That version of the book didn't do too well. On this week's Colorado Edition: the personal battles over Proposition 112, closing the "millionaire loophole" for Colorado's politicians, and a look at the recovery of some cute/not cute fish on the Colorado River.
First, we take a look at two voters who stand on different sides of Proposition 112, the contentious measure that would increase setbacks - or the distance between homes and new oil and gas development - to 2,500 feet. One of the voters owns a contracting business he fears 112 could put in jeopardy, while the other owns a home very close to a well pad and worries about the effects that has on her family. Matt Bloom has their stories.
Control of the state Senate is up for grabs in November. To flip the Senate, Democrats must win four of five battleground seats. Republicans need to only win two to maintain control. Desmond O'Boyle spoke with Robert Duffy, a professor in Colorado State University's political science department, about what's at stake.
Then another look at another amendment on this fall's ballot (it's a really long one this year, guys). In 2002, Colorado voters supported sweeping changes to state campaign finance laws. The goal was to reign in the influence of money in elections. The governor's race this year - and its wealthy candidates - have inspired an idea for another fix on the ballot: Amendment 75. But as Michael de Yoanna reports, some fear it will do the opposite of what supporters say.
And now for something different: Fish in the Colorado River have evolved over millions of years to withstand hard conditions. The rushing, turbid water sculpted their bodies, making them well-equipped to handle its highs and lows. But human interference has caused a few species to nearly go extinct. Luke Runyon has more on the decades-long effort to boost their populations.
It's been almost fifty years since Neil Armstrong set foot on the moon. No one has made a film about that stunning event until now. But for KUNC film critic Howie Movshovitz, who teaches film and television at CU Denver, the film itself is less than stunning.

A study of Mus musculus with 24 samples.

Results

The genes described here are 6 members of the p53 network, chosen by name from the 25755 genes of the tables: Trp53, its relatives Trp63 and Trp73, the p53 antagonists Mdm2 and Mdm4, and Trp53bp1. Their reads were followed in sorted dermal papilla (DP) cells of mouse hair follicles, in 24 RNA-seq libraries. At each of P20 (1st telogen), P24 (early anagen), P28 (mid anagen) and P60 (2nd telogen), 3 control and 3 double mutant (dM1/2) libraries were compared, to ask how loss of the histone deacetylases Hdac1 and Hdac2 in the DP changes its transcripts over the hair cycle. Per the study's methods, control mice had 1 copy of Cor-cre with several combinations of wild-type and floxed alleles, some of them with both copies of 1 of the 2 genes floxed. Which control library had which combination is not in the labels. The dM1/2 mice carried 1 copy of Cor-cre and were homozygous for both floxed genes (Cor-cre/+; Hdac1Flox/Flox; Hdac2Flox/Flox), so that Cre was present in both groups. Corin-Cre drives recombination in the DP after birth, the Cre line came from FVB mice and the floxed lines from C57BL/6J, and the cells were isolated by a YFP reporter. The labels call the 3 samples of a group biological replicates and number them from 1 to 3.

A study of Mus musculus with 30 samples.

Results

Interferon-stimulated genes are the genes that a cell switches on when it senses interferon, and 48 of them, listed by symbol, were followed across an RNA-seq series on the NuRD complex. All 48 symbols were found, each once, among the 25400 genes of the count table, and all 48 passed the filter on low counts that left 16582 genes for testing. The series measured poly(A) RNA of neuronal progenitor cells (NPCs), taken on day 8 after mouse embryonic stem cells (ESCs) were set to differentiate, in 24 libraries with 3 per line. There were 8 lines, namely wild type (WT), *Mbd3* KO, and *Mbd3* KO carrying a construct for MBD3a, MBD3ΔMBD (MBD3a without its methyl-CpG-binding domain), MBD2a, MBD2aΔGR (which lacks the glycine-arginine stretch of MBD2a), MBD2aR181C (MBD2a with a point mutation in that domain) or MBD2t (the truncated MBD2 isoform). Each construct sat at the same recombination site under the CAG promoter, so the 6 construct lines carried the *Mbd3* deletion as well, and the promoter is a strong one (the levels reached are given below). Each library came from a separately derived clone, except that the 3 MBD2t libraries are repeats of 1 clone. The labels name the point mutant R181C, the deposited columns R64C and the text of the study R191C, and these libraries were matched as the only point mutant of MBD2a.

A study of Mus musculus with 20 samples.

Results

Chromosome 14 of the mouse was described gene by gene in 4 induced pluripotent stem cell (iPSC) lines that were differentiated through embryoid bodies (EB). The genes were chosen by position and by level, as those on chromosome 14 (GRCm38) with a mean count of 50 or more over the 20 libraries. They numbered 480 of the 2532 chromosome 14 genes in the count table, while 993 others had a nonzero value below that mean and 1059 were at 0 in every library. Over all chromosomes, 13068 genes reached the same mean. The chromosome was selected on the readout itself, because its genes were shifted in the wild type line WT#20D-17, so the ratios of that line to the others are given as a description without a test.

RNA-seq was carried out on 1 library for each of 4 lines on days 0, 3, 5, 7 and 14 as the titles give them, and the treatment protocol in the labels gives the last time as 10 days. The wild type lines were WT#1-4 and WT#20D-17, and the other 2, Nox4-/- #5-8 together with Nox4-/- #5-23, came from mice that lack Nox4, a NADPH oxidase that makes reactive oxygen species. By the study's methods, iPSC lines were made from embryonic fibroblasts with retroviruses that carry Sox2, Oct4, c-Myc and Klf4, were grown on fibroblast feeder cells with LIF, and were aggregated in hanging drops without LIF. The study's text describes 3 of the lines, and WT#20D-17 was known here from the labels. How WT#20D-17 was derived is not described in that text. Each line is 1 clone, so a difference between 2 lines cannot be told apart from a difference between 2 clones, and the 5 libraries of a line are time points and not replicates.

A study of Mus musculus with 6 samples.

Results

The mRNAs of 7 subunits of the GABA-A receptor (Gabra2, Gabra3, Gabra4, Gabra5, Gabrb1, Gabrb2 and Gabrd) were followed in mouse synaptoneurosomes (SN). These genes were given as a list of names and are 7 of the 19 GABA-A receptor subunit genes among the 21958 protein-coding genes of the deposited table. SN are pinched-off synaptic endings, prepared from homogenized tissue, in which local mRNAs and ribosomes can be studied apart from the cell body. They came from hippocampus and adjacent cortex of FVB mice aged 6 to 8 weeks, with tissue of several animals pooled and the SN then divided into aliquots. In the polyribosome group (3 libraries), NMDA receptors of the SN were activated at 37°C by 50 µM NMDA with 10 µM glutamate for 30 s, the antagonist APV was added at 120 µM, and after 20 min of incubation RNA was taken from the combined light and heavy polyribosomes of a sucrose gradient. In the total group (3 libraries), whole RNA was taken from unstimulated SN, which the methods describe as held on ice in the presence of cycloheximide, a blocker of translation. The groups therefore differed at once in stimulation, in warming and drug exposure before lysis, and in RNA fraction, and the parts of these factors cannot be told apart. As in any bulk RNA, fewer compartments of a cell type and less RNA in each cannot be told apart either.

In the headlines:
- Ballots are on their way to mailboxes. If you haven't already gotten yours, expect it soon.
- A new study out from the University of Colorado Boulder confirms that the state's economy is in pretty good shape.
- Have you seen the viral video featuring Rocky Mountain High School alumni singing "Seasons of Love" for their choir director as she undergoes treatment for cancer? No? Fix thyself.
Colorado Edition is made possible with support from our KUNC members . Thank you!
Our intro music is "Remember Me" by Colorado musician Kalatana. Our outro is "Good Grief" by Ryan Little. Other music this week:
- Blue Dot Sessions - "Strange Dog Walk"
- Chad Crouch - "Wilson's Snipe"
- Monplaisir - "This is Not a Joke"
- Robbie Reverb - "Bling Bong"
- Fog Lake - "Oak Island"
- Doctor Turtle - "Dead From the Beginning Alive till the end"
- Forest Robots - "By The Stillness of the Lake"
This episode was hosted and produced by assistant news director Erin O'Toole and Karlie Huckels. Digital editor Ashley Jefcoat handled the web. News director Catherine Welch and managing editor Brian Larson contributed to this episode.
KUNC's Colorado Edition is a weekly look at the top stories from our newsroom. It's available every Friday on our website, as well as on iTunes, Google Play, Stitcher or wherever (RSS) you get your podcasts. You can hear it on the air every Sunday at 9 p.m. on KUNC.